Emma Roberts Is the Ultimate Mean Girl in the Bloody, Funny Scream Queens
Ryan Murphy's latest will make you laugh and maybe squeak with surprise from time to time
Scream Queens, Ryan Murphy‘s new festival of blood, fun and cruelty, doesn’t pitch its tent too far from his American Horror Story on FX, except that he’s smart enough to have eliminated the churning psychosexual undercurrents that can make AHS so strangely unsettling. Queens will make you laugh and maybe squeak with surprise from time to time, whereas AHS is a good argument for providing trigger alerts for TV shows.
Scream Queens is like AHS taking a Mentos break.
The show is set on a college campus, which keeps it close to contemporary teen-slasher movies (and parodies of teen-slasher movies). If your memory goes back far enough and low enough, you may find yourself even thinking of the 1973 TV movie Satan’s School for Girls – or, more recently, the 2000 remake with Shannen Doherty.
Here we have the Chanels. The central character (Emma Roberts) is a sorority princess of that name, except of course she morally stinks to the high heavens. The same goes for the sisters who slavishly do her bidding (one of them is an unrecognizable Abigail Breslin, who strikes just the right note of smudged kittenish prettiness). Kappa is a snobby, prestigious house where only the meanest of mean girls will survive. And even that’s debatable.
What was that that nasty, hushed-up business a few decades ago involving a girl who delivered a baby in a Kappa bathtub and died? And why has someone dressed in a red devil costume taken such a lethal disliking to Kappa girls?
Worse – and yes, this is worse than being killed by an unknown Satan whose weapons include a ride-a-mower – Kappa is being required to open its admissions process to anyone on campus. Chanel has to put up with the likes of newbie Hester, whose neck brace pushes up so tightly against her jaw it seems her head might pop off like a champagne cork. (She’s played by Glee’s Lea Michele, so I would bet the brace is removed at some point.) There’s also some loser whose hobby is blogging about candles.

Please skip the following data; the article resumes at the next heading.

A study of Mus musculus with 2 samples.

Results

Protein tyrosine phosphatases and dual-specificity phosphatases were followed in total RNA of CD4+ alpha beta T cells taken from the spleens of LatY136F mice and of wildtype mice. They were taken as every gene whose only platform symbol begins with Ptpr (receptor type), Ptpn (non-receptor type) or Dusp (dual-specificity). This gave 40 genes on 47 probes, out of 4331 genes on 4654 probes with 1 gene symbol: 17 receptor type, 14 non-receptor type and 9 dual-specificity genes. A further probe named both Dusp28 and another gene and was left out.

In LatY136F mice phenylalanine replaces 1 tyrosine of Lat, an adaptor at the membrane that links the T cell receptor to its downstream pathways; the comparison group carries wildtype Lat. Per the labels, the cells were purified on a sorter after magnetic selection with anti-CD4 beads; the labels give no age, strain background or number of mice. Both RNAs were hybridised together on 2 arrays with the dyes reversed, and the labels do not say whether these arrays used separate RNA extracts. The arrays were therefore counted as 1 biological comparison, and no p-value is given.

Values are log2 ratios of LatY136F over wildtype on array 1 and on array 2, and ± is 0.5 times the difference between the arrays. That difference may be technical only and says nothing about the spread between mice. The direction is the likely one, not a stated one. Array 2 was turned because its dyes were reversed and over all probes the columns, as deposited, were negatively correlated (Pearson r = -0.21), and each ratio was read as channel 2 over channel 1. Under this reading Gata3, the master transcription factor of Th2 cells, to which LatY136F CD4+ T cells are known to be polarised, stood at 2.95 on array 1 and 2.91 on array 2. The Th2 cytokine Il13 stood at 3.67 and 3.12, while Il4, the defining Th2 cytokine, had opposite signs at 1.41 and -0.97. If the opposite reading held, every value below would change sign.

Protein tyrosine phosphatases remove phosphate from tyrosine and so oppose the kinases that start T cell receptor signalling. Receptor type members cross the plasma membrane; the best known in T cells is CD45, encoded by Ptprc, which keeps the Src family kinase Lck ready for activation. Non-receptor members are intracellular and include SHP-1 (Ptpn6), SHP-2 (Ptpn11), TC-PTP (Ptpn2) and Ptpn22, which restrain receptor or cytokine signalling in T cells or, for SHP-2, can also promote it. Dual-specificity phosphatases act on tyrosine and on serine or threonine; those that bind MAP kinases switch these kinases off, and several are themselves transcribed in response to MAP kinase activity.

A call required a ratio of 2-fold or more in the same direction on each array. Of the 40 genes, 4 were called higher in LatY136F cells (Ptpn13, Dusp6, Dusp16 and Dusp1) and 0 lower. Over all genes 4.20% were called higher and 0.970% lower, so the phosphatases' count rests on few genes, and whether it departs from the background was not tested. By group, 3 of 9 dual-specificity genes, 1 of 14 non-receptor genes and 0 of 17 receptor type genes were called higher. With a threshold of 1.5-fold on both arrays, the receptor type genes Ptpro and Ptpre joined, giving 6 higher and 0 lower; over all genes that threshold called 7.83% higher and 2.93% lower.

The two-hour premiere does a good job of putting these circles of hell in working concentric order, and the actors all arrange their performances – stamped with varying degrees of camp, dunder-headedness and hysteria – around one central, unstated but obvious principle: People are sadists. If not, they’re dead. Take your pick.
If this is a sadistic show, it’s also a juvenile one. That’s the kick. It’s the difference between AHS leading lady Jessica Lange and Jamie Lee Curtis, who here plays Dean Cathy Munsch. Curtis, as Munsch, is brisk, to-the-point, not trustworthy but not really sinister, either – the actress is having a good time. Unlike Lange, who always tended to let herself get so overwrought that, by the end of a season, she was practically gasping for air.
Scream Queens premieres Tuesday at 8 p.m. ET on Fox.